There’s an old activist adage: We have more power than we think. It’s true, but finding it can be tricky. Fortunately, people around the world are showing us how to tap into our political, cultural, economic, social and other kinds of power to make positive change in our world.
You know that line: Governments rule by the consent of the governed? Well, power comes from the consent of the governed, too. We may need to add an adjective to “consent” — it might be reluctant, coerced, frightened or uninformed consent — but ultimately, we go along with the plan. We show up for work, school, shopping, etc. We keep doing what we’re told. We obey the laws, even if they’re unjust. We behave ourselves, even when the house (or world) is on fire. Our participation and cooperation with the day-to-day activities of our society is what keeps our society running. It’s when we refuse to participate in business-as-usual that we find power for making change.
Think about workers going on strike. Usually, people say the CEO has all the power. But once the workers stop production, they have power, too. By withholding their labor, they’ve found a way to leverage their work in exchange for demands. The same applies to students who won’t go to school, shoppers who boycott, sports players who refuse to take the field, activists who block roads, communities who lock down to pipeline construction equipment and more.
Here are several stories that illustrate how people found ways to seize power — in most of these cases, quite literally. These are five stories about people who are seizing the gears of electrical power to protest privatization, poor service, low wages and the climate crisis. How might their strategies apply to your community?
Send a warning
India’s power engineers and workers have planned a one-day strike to protest privatization schemes. The strike is a warning shot in a broader struggle and could involve up to 1.5 million workers. Organizers say that privatization would benefit big corporations while forcing millions of poor people to either lose power or pay higher rates. Announced months ago, the one-day strike was scheduled to take place on Jan. 8, 2020. Both the announcement and the actual strike are ways of showing how workers have the power to make political demands on behalf of whole nations of people.
Disrupt the system
Nigerian youth were fed up with their power utility. Blackouts frequently plunge the capital city into darkness. The power company, which can produce up to 13,000 megawatts daily, often only generates 4,000 megawatts. The shortages shut down businesses and interfere with daily life. To protest, Nigerian youth occupied the utility’s offices in protest, resulting in — you guessed it — a massive blackout. This ironic, disruptive action illustrated how ridiculous the situation had become and pressured the government to take immediate action to resolve the power shortages. By occupying the power company offices, the Nigerian youth found disruptive power through which to pressure officials to make meaningful change.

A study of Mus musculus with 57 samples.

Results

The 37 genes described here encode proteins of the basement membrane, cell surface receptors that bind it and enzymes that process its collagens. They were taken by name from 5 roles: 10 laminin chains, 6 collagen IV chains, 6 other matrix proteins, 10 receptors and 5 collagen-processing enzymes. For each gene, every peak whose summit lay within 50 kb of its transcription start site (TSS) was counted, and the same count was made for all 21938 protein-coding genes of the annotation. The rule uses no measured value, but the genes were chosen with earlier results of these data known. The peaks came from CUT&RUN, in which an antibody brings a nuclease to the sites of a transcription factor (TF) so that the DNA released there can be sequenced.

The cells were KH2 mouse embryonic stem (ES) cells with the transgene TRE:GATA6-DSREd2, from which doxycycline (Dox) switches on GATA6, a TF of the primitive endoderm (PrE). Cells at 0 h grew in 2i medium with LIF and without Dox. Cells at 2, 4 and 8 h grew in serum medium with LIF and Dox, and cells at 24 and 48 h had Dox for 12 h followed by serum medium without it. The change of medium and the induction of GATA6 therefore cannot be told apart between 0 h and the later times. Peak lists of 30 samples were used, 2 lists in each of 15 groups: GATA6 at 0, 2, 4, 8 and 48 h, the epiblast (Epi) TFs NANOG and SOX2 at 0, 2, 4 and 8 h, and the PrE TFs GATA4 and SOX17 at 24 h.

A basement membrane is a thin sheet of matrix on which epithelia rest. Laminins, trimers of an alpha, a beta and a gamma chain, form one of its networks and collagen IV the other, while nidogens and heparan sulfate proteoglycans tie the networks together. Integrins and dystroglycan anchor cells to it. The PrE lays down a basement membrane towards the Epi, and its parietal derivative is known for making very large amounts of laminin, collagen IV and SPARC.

Get specific and strategic
France’s electrical workers had been on strike for weeks when the Christmas season arrived. With blackouts hitting the country, they decided to hone their strategy: They reconnected poor families’ homes and kept mega-corporations, police stations and government offices in the dark. This put the impact of the strike on those who deserved it and could bear it, while supporting the people who weren’t causing the problem.
Take back power — literally
In 2005, the small German town of Wolfhagen decided not to renew its contract with a private power company. Instead, the town contracted with a public utility and went 100 percent renewable in 10 years, building a solar power park and a wind farm. This is a rare, but inspiring example of how we can use local governing structures to grasp both political and electrical power.
Build alternative power
Faced with the frustrating reality that national governments are moribund when it comes to dealing with the climate crisis, the climate-justice movement Extinction Rebellion is building alternative power with citizens assemblies. Denouncing the failure of traditional political power structures, they are empowering citizens to take matters into their own hands. With citizens’ assemblies, Extinction Rebellion is trying to build a political force strong enough to challenge the old system with something new. It’s a daring vision, but not without precedent. In the 1760s, a plucky set of colonies set up their own town halls, congresses and governing bodies. A decade later, the Continental Congress of the American colonies had enough effective power to declare independence from the monarchy of Great Britain. In the early 1900s, a man named Mohandas K. Gandhi would similarly establish the Indian National Congress with his associates, using parallel governing structures, alternative institutions and nonviolent direct action to achieve independence.
These are a few of the many stories of how people can effectively find power to make change. Every week, I collect 30-50 news stories for Nonviolence News. Many of these illustrate the creative and inspiring ways we can tap into our power together and discover power in unexpected places. The secret to challenging and transforming injustice is to find the many kinds of power we have to withhold our consent and participation in business-as-usual. When we stop playing along, we start pushing our world to make change.
We provide educational resources on the safe and effective use of nonviolence, with the recognition that it’s not about putting the right person in power but awakening the right kind of power in people. We advance a higher image of humankind while empowering people to explore the question: How does nonviolence work, and how can I actively contribute to a happier, more peaceful society?